Virus Outbreak

East Alabama Medical Center nurse Harvard Graham checks fluids for a COVID-19 patient in the intensive care unit Thursday, Dec. 10, 2020, in Opelika, Ala. The medical center faces a new influx of COVID-19 patients as the pandemic intensifies.

MONTGOMERY, Ala. — Alabama is suffering a "self-inflicted wound" from COVID-19, with hospitals again filling up as the state trails the nation in vaccinations and pandemic precautions like face masks and social distancing are all but forgotten, a health leader said Tuesday.

Only 166 people were hospitalized statewide a month ago with COVID-19 after thousands were vaccinated and before a new variant took hold. But that low point has been followed by a rapid rise, and nearly 500 people were being treated for the virus now, statistics showed. At Cullman Regional, the number of patients in the critical care unit has been around four to five patients per day, a hospital spokesperson said.

Hospitals are far from the critical point they reached in January, when some 3,000 people were being treated at one time, but the fast-spreading Delta variant threatens to worsen the situation barring a rapid increase in vaccinations, said Dr. Donald Williamson, president of the Alabama Hospital Association.

"There's just a sense of frustration," said Williamson, who used to head the Alabama Department of Public Health. "The fact that cases are rising is a self-inflicted injury."

Statistics show that only 50 people would currently be hospitalized if everyone who is eligible for a shot had gotten one, Williamson said, and chances are their illnesses wouldn't be as severe.

"This is the plague of our generation, and certainly of our lifetime. And now it could be so easily averted, but we're failing to do that," he said.

Only 38% of the state's population has gotten at least one vaccine dose and just 31% is fully vaccinated, state statistics showed, yet the daily pace of vaccinations has slowed to roughly the same amount that were being given months ago when doses were scarce. Relatively few people still take precautions in public, and businesses full of people are a common sight.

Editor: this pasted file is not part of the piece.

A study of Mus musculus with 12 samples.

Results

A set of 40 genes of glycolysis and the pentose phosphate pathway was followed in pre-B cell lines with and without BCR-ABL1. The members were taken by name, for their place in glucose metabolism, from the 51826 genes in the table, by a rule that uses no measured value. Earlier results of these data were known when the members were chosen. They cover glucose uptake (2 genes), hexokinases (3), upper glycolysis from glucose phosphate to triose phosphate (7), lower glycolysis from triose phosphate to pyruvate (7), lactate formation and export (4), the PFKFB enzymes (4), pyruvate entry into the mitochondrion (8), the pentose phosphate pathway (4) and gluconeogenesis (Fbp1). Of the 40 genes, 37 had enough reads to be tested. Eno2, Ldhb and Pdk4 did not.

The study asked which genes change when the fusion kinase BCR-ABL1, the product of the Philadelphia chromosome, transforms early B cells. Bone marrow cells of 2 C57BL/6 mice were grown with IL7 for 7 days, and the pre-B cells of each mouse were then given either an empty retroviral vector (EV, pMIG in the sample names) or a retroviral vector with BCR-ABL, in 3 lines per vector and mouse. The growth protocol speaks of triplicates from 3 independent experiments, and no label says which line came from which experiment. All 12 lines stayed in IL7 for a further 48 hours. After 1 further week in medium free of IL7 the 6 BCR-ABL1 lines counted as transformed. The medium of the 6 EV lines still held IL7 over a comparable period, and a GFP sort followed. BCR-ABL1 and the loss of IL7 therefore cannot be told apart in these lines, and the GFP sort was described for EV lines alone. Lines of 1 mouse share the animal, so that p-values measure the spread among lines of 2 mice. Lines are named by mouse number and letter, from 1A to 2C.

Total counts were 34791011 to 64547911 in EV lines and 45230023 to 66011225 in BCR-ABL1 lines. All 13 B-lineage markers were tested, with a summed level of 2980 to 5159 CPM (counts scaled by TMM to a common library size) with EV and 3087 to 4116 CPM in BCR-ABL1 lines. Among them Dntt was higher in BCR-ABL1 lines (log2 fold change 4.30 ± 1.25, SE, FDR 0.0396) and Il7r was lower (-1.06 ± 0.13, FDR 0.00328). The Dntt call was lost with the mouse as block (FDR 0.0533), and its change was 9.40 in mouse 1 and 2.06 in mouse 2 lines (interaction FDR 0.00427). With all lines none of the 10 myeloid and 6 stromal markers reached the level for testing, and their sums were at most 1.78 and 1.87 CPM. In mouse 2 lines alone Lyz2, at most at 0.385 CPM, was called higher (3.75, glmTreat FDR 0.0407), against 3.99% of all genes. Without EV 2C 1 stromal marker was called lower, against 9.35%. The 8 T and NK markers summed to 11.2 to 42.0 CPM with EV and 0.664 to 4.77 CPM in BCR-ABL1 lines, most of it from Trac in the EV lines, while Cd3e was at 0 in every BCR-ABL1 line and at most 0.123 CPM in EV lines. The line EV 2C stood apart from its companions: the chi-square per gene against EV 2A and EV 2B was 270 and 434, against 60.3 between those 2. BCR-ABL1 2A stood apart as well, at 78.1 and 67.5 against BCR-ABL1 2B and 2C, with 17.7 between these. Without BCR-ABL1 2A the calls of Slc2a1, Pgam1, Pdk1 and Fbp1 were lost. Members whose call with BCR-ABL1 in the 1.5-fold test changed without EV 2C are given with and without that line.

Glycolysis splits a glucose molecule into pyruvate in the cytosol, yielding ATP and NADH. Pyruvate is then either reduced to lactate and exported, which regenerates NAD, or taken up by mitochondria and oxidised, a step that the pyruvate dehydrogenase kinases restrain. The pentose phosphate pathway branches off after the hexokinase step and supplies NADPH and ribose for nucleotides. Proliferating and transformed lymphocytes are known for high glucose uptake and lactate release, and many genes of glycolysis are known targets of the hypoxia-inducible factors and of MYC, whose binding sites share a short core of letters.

In Cullman County, slightly more than 24,000 people are fully vaccinated. The state has put the county in "high risk" category for COVID-19 due to the low rate of vaccinations. According to the Alabama Department of Public Health, the largest unvaccinated population among those eligible to be vaccinated are the 12-29 year olds.

Without a rapid turnaround in vaccinations, Williamson said, health officials worry that cases will continue increasing as highly contagious virus variants spread through the population at stores, churches, restaurants, bars, sports contests and other public events.

Rather than reimposing restrictions like mandatory mask wearing, capacity limits for businesses or shutdowns, Gov. Kay Ivey has said the only thing she supports is encouraging people to use their "common sense," show personal responsibility and get shots.

Over the past two weeks, the rolling average number of daily new cases inn Alabama has increased by 694, a spike of 573%. There were about 197 new cases per 100,000 people during the period, which ranked 11th nationally, with the largest increases along the coast in Mobile and Baldwin counties.

Some 11,436 people have died of COVID-19 in Alabama, giving the state the 17th highest death rate nationally. Alabama has reported more than 560,000 positive tests, and the percentage of tests coming back positive is on the rise.

Free vaccinations are available throughout Cullman County at various pharmacies, doctors' offices, the Cullman County Health Department and Cullman Regional. To make an appointment through Cullman Regional, go to and fill out the form on the vaccination clinic page. Vaccinations are offered at Cullman Urgent Care, Monday-Sunday during normal operating hours.

Times Editor Amy Henderson contributed to this report.